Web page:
In February 2021, I made a video call to my mum in her room in the nursing home where she lives. This was the first birthday I have not seen her in person, and despite the cards and flowers and gifts, she was very low. When I asked her why she was sad, she pointed out that she had not left her room in almost a year. Since the start of lockdown on 16th March 2020, she had not been allowed out of her room. Her last outing had been 7th March 2020, when I had taken her to buy a new chair, walking frame and shoes.
It struck me how unfair it was. While I understood the necessity of keeping mum safe, I wondered about the cost to her. At eighty-six, she has a limited time to enjoy her life. Although she is limited in her mobility, she loves to visit art galleries and museums, be wheeled around the Botanic Gardens in Edinburgh, and have a beer with her lunch. To see her so sad and lonely made me angry. It felt as though she was living in prison. I knew that many more families were feeling the same way as the Facebook page “Lifted Dementia Support Group” pinged constantly. Loved ones passed away without family at their side.
When relatives were finally able to visit, initially, it was window visits which were impractical when mum lives on the first floor. To speak with her, we had to phone her and ask a nurse assistant to put the phone on speaker. Progress was made in the summer when we could have outdoor visits, but we had to sit two metres apart so she still couldn’t hear us. If the weather was bad, the visit was cancelled. When we finally got an indoor visit, again, we were two metres apart and dressed in a plastic apron with mask and gloves. No touching allowed. My frustration and anger informed the work on show here.
“Who Cares ???”
A constructed 3m3 room with windows on three sides, open on the last side. Inside the room are four windows on separate stands approximately 2m high and 1m wide. The windows were free on marketplace. On the windows hang digital images printed on silk organza. The images are of relatives of the Dementia support group who responded to my request for photos taken during window visits to be used in my work.
I hope this piece conveys the isolation of a care home bedroom, of the sadness of visiting through a window, of lives fading away behind closed doors.
Ravel is a contranym. It can mean to knit together or to unknit. This piece consists of my mother’s knitted squares, made during her long solitary hours during lockdown. Knitting brings her some time to reflect on her memories. There are nearly one hundred squares made in a variety of colours and materials. Some are stitched together as a long strip, some in the beginnings of a blanket, many more are left in piles. The knitting has no purpose other than passing time. With the knitting are my mother-in-law’s hands, cast in white marble Jesmonite and epoxy resin. My mother-in-law has dementia, and her hands are never at peace. They are usually searching for and playing with a tissue.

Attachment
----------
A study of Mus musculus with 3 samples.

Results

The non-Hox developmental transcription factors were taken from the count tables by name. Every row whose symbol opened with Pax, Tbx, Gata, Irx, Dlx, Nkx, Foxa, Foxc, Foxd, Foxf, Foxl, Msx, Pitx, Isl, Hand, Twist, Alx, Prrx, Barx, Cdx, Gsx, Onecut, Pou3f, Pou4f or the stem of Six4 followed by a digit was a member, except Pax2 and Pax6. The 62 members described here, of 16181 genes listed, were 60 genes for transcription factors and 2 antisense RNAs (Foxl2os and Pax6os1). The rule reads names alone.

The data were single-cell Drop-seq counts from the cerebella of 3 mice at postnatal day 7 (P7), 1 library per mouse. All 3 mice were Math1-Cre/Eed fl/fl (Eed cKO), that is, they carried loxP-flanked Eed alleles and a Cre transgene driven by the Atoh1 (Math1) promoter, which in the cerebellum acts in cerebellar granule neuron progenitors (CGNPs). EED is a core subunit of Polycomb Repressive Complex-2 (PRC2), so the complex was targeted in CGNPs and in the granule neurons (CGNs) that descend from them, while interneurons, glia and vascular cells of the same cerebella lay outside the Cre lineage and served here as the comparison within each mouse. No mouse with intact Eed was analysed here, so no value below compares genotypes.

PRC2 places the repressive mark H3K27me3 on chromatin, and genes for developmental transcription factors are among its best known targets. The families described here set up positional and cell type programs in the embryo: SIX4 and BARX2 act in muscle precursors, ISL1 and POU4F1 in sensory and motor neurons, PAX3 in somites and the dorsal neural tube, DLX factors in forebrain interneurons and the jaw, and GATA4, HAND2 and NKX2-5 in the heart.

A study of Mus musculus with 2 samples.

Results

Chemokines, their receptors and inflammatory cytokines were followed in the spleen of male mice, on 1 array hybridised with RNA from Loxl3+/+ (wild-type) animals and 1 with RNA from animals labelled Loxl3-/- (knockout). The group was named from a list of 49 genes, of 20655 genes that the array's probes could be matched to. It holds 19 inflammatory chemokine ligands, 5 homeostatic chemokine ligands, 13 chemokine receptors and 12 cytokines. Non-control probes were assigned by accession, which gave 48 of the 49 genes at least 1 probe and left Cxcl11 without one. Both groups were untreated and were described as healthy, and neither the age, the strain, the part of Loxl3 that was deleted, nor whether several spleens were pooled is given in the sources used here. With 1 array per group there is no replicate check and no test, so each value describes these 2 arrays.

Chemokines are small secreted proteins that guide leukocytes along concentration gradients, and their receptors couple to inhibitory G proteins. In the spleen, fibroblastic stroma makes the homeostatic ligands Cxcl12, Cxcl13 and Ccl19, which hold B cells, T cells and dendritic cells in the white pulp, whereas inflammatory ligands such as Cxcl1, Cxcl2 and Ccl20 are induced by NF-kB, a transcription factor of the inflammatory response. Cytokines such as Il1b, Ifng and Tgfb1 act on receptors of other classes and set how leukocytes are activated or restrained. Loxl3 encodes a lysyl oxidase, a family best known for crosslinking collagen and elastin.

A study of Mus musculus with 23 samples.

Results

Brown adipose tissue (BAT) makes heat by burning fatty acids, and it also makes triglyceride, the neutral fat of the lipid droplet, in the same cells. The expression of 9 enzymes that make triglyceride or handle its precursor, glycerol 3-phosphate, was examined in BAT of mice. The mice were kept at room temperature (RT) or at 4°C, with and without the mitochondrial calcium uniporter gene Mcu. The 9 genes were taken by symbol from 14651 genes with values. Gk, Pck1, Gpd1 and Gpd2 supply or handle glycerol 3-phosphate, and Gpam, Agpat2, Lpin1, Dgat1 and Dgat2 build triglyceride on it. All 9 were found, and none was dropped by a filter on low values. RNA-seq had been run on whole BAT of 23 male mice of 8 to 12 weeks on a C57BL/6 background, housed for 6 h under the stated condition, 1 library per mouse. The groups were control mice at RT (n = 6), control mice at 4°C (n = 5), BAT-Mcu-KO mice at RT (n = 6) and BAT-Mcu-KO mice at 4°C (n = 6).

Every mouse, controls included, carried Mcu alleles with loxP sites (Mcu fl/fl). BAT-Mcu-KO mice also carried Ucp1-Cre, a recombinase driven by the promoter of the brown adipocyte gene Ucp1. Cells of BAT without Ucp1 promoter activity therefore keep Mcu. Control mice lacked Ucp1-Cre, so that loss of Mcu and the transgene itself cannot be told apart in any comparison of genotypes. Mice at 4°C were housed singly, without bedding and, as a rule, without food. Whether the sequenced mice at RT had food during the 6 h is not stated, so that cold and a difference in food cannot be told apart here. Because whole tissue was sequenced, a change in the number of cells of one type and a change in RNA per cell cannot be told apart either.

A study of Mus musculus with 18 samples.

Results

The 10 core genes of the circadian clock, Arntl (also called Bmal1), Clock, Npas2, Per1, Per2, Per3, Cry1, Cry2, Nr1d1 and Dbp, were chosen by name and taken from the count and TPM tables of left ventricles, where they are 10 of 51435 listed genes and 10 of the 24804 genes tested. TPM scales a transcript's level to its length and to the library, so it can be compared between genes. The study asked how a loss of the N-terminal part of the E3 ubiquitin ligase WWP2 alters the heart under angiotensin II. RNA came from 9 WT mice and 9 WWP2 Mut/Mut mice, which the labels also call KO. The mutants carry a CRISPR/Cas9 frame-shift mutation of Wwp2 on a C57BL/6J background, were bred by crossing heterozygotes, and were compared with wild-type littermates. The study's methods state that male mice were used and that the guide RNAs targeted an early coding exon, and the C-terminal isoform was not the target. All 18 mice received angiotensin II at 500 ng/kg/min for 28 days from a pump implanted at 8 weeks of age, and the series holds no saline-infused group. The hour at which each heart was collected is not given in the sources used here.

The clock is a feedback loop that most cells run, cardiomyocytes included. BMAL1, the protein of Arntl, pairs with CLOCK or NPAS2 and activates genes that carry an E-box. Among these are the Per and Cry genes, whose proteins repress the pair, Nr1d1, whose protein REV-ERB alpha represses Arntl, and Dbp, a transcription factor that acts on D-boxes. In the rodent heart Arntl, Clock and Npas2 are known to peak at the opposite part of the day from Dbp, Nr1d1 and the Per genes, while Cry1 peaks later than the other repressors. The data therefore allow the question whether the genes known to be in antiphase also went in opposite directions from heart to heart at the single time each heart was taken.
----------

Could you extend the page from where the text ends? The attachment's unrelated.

This piece hopes to convey the discomfort of ravelling memories for one person, whilst knitting brings peace and comfort in the ravelling of memories for another.
82 A4 photos machine stitched together. Grey satin binding with cotton threads attached. Quilt is made from old family photos of my mother-in-law in her youth. I found these photos in an old suitcase and I was curious to see the woman I know when she was young. I discussed them with her in the hope she would remember more of her past. Some photos were of interest, but then I realised that her memories of these times have become lost, and she was mixing things together to create new stories. Confabulation is common among people with dementia when a new history is created amid the truth.
These photos are not part of my history, but they are full of familiar faces, of family and friends that were part of a large extended group to be found at gatherings and parties. By printing them onto tracing paper I transformed the texture of the photos. They became translucent, like my mother-in-law’s memory. Coating them in PVA transformed them again, making them brittle and fragile, again like ageing memories.
I stitched them into a quilt as dementia had once been described to me as having a blanket of memories with frayed holes and so I created my own blanket of confabulated memories with holes. Cotton threads hanging from the binding symbolise unravelling and hanging on to memories by a thread.